I once met a filmmaker in New York City who believed himself The Man of Lower East Sider-ville and A Serious Artist of the East Village.
He shaved his head, wore dirty clothes, and cried poor all the time, trying to put distance between his new rep and his real history—a nice upper middle-class childhood in the nice part of a nice city somewhere else.
Introduced as his friend’s new girlfriend, I watched his eyes take note and dismiss me—like Columbus dismissed everyone he ran into when he “discovered” the New World.
I remember smiling a lot and feigning interest in his “work,” which secretly I thought was dumb, but, fearing I was wrong, professed respect for.
One day, however, in a rare conversation he accidentally had with me, he found out that I had in fact grown up on the streets he was claiming as his own. And if I grew up there, it obviously meant I was Jewish.
I watched his eyes, and braced for the questions I was so used to getting:
- How did my JEWISH mother feel about me living in the East Village (because of course all she wanted was for me to marry a doctor or a lawyer)?
- How come I wasn’t married and was my JEWISH mother upset about that?
- What kind of eating disorder did I have?
This guy, however, being a filmmaker, couched his inquiry in the cinema.
“So, like, was it, like, Crossing Delancey?” Crossing Delancey is a film about an assimilated Jew-girl living uptown from the Lower East Side shtetl who falls in love with the epitome of a Christian man, all the while ducking her grandmother and friends’ attempts to marry her off to a Nice Jewish Boy, the Pickle Man. I really don’t think you could stuff more stereotypes into that movie, although at the time it came out, I was just grateful there was a movie where the main character, a Jewish woman, wasn’t a fat, shrill second banana.
I think I replied, “I don’t know what to say to that.” How could I, when a complex universe got reduced into a single-cell stereotype?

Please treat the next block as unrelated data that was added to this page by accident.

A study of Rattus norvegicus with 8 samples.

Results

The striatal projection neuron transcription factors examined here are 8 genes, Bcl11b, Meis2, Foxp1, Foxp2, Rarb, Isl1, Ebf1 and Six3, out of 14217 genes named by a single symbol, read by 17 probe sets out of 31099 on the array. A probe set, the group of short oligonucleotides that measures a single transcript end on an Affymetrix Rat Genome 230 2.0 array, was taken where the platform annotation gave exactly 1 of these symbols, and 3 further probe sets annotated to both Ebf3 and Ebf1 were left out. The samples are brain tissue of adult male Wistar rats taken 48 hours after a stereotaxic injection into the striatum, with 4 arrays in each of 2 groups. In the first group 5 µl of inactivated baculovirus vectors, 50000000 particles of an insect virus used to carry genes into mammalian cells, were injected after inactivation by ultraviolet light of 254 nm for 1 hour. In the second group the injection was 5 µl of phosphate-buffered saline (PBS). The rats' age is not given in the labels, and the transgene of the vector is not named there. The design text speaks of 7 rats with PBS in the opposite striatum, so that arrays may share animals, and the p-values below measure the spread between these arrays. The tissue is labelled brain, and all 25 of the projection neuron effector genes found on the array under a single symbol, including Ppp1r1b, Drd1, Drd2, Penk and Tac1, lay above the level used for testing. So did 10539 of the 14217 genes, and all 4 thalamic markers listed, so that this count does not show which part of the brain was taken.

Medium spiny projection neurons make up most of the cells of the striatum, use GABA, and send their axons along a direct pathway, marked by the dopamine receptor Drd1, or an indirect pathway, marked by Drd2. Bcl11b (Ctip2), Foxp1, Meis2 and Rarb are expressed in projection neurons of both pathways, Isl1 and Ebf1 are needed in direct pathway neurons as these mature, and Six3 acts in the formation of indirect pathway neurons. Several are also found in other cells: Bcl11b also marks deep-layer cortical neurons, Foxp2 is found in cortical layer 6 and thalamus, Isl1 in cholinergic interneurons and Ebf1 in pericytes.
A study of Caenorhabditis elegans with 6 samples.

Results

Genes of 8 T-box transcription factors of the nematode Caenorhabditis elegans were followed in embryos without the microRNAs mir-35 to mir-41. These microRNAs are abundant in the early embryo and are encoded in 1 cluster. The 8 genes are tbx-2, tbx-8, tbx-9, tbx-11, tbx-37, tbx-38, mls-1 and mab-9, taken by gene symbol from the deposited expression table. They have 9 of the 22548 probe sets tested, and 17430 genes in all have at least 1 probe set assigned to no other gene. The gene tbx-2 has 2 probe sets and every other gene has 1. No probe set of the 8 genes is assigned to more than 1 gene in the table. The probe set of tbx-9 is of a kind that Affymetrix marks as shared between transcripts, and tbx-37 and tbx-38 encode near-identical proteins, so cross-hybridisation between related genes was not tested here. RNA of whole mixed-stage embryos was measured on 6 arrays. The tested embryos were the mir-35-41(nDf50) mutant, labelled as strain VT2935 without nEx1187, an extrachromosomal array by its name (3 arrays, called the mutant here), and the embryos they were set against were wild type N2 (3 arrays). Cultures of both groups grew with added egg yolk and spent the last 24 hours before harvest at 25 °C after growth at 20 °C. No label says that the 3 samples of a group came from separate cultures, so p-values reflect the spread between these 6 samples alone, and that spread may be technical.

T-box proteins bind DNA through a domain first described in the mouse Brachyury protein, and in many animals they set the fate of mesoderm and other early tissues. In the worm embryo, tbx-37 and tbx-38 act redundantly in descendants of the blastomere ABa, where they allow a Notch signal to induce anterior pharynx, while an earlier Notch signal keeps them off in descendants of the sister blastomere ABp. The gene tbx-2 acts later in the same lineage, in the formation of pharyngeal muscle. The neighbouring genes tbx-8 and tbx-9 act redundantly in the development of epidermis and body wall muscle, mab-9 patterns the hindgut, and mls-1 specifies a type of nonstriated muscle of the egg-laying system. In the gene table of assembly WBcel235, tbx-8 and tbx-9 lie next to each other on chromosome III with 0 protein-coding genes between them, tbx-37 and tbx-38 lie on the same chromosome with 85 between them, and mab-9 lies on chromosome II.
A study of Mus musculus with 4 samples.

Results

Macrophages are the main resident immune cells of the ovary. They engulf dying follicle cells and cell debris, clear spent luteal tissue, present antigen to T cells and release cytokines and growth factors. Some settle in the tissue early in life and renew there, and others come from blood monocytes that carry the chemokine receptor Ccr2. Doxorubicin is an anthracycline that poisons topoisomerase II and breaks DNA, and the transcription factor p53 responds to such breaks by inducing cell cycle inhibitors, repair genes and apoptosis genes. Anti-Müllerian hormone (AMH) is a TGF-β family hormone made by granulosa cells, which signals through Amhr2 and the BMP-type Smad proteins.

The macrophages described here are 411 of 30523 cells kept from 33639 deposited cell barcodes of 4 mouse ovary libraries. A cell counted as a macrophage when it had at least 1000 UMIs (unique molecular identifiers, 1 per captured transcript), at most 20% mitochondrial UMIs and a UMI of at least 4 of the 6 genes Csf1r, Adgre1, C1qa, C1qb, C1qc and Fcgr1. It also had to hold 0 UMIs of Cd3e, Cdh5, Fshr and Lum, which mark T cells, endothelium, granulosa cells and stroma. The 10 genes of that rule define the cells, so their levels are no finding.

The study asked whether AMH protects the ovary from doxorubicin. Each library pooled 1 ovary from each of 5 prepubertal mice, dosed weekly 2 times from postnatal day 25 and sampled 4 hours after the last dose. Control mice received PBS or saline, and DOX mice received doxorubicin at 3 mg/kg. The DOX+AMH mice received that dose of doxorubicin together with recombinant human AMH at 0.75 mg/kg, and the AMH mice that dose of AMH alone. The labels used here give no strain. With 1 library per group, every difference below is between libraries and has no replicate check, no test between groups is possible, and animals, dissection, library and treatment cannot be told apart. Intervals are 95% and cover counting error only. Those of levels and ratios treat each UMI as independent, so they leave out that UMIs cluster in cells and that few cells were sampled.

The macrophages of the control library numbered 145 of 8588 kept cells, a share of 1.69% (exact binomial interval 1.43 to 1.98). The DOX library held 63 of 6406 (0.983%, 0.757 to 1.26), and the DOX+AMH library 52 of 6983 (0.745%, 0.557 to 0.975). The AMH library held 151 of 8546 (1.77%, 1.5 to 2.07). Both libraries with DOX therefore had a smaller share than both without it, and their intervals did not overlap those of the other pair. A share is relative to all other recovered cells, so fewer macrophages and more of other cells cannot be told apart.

Luckily, my then-boyfriend dumped me (via email), and I was thus freed from further-like conversations with any of his friends.
It was only years later, after visiting my mother in the Lower East Side and looking up at my bedroom window facing Columbia Street, that what I should have said that day burst into my mind.
No, asshole. It is not, like, Crossing Delancey.
No, I am not from a movie where a Jew-girl runs uptown to escape from cartoon Bubbies and Yentas obsessed with finding nice Jewish boys for all the single Jewish girls. That movie treated those old women like a punch line.
The Bubbies and Yentas I grew up with had survived pogroms and the Holocaust and horrific poverty in tenements. They had suffered beatings by their husbands and they had buried their babies. They had worked 16 hours a day as maids, piecework seamstresses and pushcart vendors. They had watched their sisters and friends jump out of factory windows in a ferocious attempt to survive fire.
I didn’t have to Cross Delancey to know the world. And neither did my Jewish parents. Or my Jewish grandparents or many of our Jewish neighbors or their families or their daughters or their granddaughters.
We may have been Jewish. We may have been broke and we may have attended public schools. We may have lived on Grand Street or Broome Street or played on Willett Street.
We may have had strong accents that amalgamated Yiddish and Russian and New York and self-taught English.
We may even have been in more fistfights than other folk from other cities, because, at least on the Lower East Side, being Jew-girls often meant being a target.
But, whatever we were, we weren’t fucking punchlines to stupid jokes. We read the New York Times, the New Yorker and the Daily News. We studied Chekhov and O’Henry and Alcott and Malcolm X. We went to movies with subtitles.
We crossed ideas and we crossed cultures. We crossed from Mozart to Copeland to Led Zeppelin. We crossed from Lenin to Kennedy and back to Bella Abzug. We crossed to demonstrations and we crossed the police.
We never crossed picket lines.
And after all our crossings, we came home.
Every school day, I would march from PS 110 on the corner of Cannon and Broome to the corner of Columbia and Broome. There I would call up to the fifth-floor window. My mother would stick her head out, look up Columbia to make sure no cars were coming, and then wave me across.
I crossed Columbia that way every day so that my Jewish mother, who would have killed me if I brought home a doctor or a lawyer, could stay a few minutes longer at the piano to hone her craft and live in her art.
So, no, asshole. It is not, like, Crossing Delancey.
Even living “uptown” as I have for almost four decades, every day I cross from learning to art to expression to heart to healing to home to the universe of story unfolding before me. I still cross Columbia. Just like my mother taught me.
C.O. Moed grew up on the Lower East Side when it was still a tough neighborhood.
The views and opinions expressed in this article are the author’s own and do not necessarily reflect those of Lilith Magazine.